Helen Clark became the Administrator of the United Nations Development Programme in 2009, and is the first woman to lead the organization. She also chairs the United Nations Development Group.
Helen Clark: Statement at the Support Syria and the Region Conference
The protracted nature of the Syrian crisis challenges us all to search for the most effective ways of responding to the needs of the many millions of people who are impacted by it.
It has become increasingly clear that alongside the enormous humanitarian relief effort there must be increased investment in building the resilience of people and communities – within Syria, and within the countries in the neighbourhood who host many refugees.
Development actors can respond with support for jobs and livelihoods, for education and health provision, and for basic services like water, sanitation, electricity, and waste disposal. There should be a special emphasis on meeting the needs of women and girls and vulnerable groups.
Access to opportunities and services like these supports people to live in dignity in areas in Syria not directly engulfed in conflict, and supports refugees and their host communities in neighbouring nations.
The need for investment in both relief and resilience is well reflected in this year’s UN appeals. There is now also strong and welcome recognition of the need for more support for the neighbouring countries who have accommodated over four million Syrians. Increased investments and concessional finance and/or grants would help the neighbours to implement their national response plans and boost their economies, services, and infrastructure to meet the needs of increased populations.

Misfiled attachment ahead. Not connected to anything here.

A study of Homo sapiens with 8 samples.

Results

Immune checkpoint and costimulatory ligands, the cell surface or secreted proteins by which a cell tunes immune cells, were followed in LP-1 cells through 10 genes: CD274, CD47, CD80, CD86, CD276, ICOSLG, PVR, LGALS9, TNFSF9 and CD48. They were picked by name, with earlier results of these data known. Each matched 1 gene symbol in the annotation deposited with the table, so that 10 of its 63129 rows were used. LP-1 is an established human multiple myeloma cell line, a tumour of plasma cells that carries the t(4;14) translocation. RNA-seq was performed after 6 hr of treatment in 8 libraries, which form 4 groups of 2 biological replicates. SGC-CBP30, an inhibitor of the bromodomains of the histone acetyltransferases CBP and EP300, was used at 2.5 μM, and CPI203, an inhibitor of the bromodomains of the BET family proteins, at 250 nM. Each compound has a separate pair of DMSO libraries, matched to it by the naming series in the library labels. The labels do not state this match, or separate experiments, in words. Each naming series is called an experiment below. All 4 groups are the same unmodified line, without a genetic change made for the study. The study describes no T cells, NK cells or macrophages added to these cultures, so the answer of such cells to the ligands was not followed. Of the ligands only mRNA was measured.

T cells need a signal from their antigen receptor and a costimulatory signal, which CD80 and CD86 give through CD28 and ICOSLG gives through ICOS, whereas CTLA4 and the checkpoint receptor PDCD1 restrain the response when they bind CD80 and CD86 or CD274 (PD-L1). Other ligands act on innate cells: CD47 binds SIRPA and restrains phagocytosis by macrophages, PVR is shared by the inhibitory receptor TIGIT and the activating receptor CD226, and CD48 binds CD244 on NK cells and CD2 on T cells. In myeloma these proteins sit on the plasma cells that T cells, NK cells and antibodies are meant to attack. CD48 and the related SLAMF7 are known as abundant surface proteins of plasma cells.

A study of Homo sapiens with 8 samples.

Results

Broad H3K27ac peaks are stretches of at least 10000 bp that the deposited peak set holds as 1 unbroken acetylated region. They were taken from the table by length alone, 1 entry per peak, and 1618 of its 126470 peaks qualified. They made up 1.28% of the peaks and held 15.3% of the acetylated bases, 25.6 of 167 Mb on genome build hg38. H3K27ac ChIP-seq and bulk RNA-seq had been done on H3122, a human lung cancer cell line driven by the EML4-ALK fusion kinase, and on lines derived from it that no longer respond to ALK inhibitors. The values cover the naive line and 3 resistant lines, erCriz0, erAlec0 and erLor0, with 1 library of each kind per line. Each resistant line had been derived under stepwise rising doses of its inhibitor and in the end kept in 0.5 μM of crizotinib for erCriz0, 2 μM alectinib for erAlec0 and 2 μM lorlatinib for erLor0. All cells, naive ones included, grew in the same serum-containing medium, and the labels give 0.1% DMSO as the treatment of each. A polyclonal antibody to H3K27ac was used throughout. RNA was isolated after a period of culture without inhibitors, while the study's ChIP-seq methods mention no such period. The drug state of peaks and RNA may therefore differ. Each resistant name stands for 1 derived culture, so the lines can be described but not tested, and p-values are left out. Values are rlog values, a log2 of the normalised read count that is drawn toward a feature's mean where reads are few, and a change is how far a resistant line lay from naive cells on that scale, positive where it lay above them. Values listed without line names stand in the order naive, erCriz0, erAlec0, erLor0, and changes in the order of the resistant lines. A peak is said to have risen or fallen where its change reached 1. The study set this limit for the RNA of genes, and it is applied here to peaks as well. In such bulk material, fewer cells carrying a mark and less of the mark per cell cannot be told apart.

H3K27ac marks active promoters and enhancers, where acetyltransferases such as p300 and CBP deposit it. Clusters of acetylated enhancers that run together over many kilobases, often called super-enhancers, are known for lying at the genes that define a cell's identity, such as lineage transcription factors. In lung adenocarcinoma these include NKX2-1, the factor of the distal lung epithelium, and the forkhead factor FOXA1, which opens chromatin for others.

More effective responses to the Syria crisis, which balance humanitarian and development needs, depend critically on increased and sustained levels of support from international partners. I urge all present to seize the opportunity of this year’s appeals to renew and strengthen your commitment, for 2016 and beyond, to building a better future for the many millions of people affected by the Syria crisis.